I've written over thirty novels, and my process with all of them was pretty much the same. I had an idea, I wrote a bullet-point outline, and I started writing the book, revising my outline along the way (I call them "living outlines," since I usually finish writing them a few days before I complete my manuscripts). But the process of writing KING CITY, my new standalone crime novel, was entirely different.
KING CITY began as a TV series pitch that I took all over Hollywood four or five years ago. It generated some interest but ultimately didn't lead to anything. So I put it in a drawer and moved on.
But the idea nagged at me anyway and I began to think KING CITY might make a better book than a screenplay. So, between MONK novels three years ago, I wrote 200 pages and a broad-strokes outline for the rest of the book.
I sent the proposal to my agent and began writing my next MONK book. The first place she sent KING CITY to was Penguin/Putnam, my MONK publisher, because she felt certain they'd snap it up. Between DIAGNOSIS MURDER and MONK, I'd written twenty-some novels for them. We knew that they liked me and my work, which had been successful for them, so we didn't think they'd see KING CITY as much of a gamble.
But they passed, surprising us both. My agent felt the rejection was less about me or the book than the way the business had changed. Mid-list authors were being dropped, editors were being fired, and the days of selling book proposals was over. If I wanted to sell KING CITY, I'd have to write the whole book and then shop it around.
I wasn't wild about that idea. If editors who knew me and my work well didn't find the first 200 pages compelling enough to merit an offer, I doubted that reading the whole novel would change their minds. And if these editors, folks I'd worked with for years, weren't willing to gamble on me, why would someone else?
Moreover, after years of having contracts before I started writing novels, I was spoiled. The idea of writing a book entirely on spec made me uneasy, especially given my experience with THE WALK and WATCH ME DIE. Both of those books were written "on spec" and, after years bouncing all over New York, were finally published by Five Star, who paid a pittance for them. They got wide acclaim but not wide distribution. From a financial standpoint, they seemed to be a bust. I wasn't willing to go through that again.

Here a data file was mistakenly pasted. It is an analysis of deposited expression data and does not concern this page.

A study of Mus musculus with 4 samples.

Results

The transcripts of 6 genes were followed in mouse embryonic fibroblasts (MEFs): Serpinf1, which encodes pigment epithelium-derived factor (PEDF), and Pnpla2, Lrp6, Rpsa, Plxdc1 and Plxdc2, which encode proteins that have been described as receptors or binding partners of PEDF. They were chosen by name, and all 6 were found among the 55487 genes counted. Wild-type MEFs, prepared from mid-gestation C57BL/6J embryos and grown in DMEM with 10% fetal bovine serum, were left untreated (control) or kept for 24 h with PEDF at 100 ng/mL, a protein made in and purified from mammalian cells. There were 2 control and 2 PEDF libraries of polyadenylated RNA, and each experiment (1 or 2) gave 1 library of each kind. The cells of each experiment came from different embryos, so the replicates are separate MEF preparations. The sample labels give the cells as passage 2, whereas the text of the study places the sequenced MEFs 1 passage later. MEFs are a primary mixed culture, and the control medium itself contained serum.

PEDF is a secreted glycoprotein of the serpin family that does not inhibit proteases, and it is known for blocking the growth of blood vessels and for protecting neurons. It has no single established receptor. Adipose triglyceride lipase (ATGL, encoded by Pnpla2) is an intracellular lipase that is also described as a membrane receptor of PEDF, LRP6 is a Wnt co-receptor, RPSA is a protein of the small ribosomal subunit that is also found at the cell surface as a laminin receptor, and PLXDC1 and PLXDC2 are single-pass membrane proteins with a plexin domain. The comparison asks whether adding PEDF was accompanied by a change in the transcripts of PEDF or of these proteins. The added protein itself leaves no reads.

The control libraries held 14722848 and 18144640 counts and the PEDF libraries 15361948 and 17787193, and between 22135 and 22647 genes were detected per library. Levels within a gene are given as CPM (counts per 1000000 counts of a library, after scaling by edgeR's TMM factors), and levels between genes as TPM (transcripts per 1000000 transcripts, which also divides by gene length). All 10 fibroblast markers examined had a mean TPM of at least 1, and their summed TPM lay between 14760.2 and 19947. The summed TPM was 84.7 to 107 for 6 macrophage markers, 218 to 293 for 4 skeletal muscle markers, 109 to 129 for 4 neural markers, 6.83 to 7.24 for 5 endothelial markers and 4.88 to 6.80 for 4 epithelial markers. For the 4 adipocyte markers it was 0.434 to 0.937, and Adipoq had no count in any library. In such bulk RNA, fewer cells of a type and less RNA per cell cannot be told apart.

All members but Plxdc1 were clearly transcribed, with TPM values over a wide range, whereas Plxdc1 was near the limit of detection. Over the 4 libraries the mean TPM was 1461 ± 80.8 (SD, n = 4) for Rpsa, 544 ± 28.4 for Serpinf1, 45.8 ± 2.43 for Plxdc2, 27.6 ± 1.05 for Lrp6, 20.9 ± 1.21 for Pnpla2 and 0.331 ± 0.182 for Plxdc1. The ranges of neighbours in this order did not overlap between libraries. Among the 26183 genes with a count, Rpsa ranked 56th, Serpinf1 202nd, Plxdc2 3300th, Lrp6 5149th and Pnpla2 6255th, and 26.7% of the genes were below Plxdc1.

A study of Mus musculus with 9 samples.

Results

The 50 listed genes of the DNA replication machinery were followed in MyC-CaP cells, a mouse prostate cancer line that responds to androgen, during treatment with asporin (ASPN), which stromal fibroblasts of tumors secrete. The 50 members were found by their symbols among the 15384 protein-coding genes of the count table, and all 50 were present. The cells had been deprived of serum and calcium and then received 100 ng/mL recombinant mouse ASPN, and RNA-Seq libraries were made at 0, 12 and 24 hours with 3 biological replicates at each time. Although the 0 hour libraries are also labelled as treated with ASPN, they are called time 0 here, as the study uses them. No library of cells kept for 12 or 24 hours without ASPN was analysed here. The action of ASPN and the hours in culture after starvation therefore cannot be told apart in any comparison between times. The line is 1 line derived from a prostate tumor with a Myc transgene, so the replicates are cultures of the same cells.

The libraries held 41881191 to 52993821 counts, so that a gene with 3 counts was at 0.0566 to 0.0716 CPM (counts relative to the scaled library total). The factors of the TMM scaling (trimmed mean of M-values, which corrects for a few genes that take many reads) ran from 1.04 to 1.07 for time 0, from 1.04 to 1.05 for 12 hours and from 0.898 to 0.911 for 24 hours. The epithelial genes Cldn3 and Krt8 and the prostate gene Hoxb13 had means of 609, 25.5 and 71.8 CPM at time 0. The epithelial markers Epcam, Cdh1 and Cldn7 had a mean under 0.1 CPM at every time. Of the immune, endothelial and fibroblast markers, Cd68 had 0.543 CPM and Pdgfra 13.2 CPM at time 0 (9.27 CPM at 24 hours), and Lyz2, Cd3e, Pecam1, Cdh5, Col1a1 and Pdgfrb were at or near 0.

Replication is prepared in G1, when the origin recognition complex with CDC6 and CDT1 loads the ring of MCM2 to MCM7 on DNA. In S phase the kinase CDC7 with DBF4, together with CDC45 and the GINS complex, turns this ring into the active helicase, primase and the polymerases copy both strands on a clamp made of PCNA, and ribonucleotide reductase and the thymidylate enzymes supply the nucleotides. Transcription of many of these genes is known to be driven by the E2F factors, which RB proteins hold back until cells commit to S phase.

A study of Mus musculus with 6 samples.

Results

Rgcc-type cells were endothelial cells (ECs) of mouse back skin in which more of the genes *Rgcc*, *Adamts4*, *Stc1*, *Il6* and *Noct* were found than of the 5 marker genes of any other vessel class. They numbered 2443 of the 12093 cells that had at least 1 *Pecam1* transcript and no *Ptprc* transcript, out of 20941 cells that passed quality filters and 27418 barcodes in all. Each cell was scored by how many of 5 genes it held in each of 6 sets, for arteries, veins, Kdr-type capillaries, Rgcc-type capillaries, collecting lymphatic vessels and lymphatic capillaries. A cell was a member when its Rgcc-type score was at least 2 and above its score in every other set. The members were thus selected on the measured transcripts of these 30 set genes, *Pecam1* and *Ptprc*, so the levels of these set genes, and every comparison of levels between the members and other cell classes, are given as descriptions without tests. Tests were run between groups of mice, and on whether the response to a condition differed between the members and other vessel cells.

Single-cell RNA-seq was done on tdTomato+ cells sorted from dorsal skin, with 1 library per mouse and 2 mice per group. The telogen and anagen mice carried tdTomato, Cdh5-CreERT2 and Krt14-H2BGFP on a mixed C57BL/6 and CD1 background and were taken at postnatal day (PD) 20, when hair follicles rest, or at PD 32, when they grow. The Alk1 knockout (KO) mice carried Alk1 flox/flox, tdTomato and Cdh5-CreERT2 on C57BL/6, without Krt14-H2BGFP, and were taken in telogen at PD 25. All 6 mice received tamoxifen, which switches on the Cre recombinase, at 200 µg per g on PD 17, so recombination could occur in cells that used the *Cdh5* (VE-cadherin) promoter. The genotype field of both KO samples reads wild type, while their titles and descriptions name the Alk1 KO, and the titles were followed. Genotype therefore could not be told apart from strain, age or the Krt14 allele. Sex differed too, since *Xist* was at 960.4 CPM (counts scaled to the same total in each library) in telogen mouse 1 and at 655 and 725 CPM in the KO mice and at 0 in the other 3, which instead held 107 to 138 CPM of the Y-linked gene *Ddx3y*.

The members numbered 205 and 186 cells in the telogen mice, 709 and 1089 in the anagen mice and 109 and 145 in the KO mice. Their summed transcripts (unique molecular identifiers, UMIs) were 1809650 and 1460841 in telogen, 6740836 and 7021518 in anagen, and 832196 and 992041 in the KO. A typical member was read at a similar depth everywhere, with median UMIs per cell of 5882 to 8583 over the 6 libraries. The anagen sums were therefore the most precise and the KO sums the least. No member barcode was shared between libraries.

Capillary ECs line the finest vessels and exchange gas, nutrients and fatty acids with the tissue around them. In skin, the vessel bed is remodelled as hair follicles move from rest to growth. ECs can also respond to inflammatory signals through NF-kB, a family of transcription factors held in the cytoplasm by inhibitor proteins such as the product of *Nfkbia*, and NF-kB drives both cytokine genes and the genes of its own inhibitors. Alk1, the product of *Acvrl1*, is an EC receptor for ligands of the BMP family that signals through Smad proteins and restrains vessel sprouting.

So I tabled KING CITY and went back to writing one MONK novel after another.
But then something amazing happened — the ebook market took off, and I started earning tens of thousands of dollars on my out-of-print backlist, like THE WALK. It changed my thinking entirely about the publishing business. About the same time, my TV agent started nagging me to write a spec pilot.
Which got me thinking about KING CITY again.
So, last November, when I was once again between MONK books, I re-read the 200 pages and realized I had the makings of a great spec pilot. I stripped the story down to the bare elements, reordered events, dropped some characters, and rethought everything. Over the holidays, I adapted my unfinished novel into a screenplay. Actually, it ended up being two of them: the one-hour pilot and the second episode. I sent both scripts off to my TV agent and began work on my next MONK.
The scripts got me some exciting meetings at studios and networks…but didn't pan out into any options on KING CITY or a series staff job (at least not yet). But I realized I had more than just two strong scripts — if I put them together, I had a remarkably detailed outline for the book.
So I decided to write it during my next MONK hiatus.
Along the way, I made lots of changes. I liked most of the choices I'd made for the screenplay, which tightened the plot and gave the story more of a narrative drive, but I missed some of the more "novelistic" elements that I'd dropped. So instead of novelizing my screenplay adaptation of a novel, I found myself writing KING CITY all over again…for the third time.
It's been a very unusual experience for me. I feel that KING CITY has improved with each draft, whether in novel or screenplay form. Adapting the original, 200 pages into a script forced me to take a hard look at everything, to sharpen the characters and tighten the plot, stripping away all of the fat in favor of narrative drive. That relentless and mercilous focus on character and lean story-telling may be great for a script but not so much in a book, where taking the time to establish a sense of place, and to explore the internal thoughts of a character don't slow things down, they enrich the experience. Adapting KING CITY back into a novel again allowed me to see where I might have cut too deep, over-simplified the characters, or moved events along too rapidly.
I finished the first draft two days before I had to begin writing my next MONK novel (which I am in the middle of right now) and sent it off to some close friends for their comments. They gave me great notes, and by that, I don't mean enthusiastic praise. They told me what worked…and what didn't. I've been revising the book a little bit each day and will send it off this weekend to be copyedited.
I like to think this is the best version yet of KING CITY. But you'll have to be the judge of that…and, hopefully, that will be very soon. If I have my way, KING CITY will be published before the end of 2011.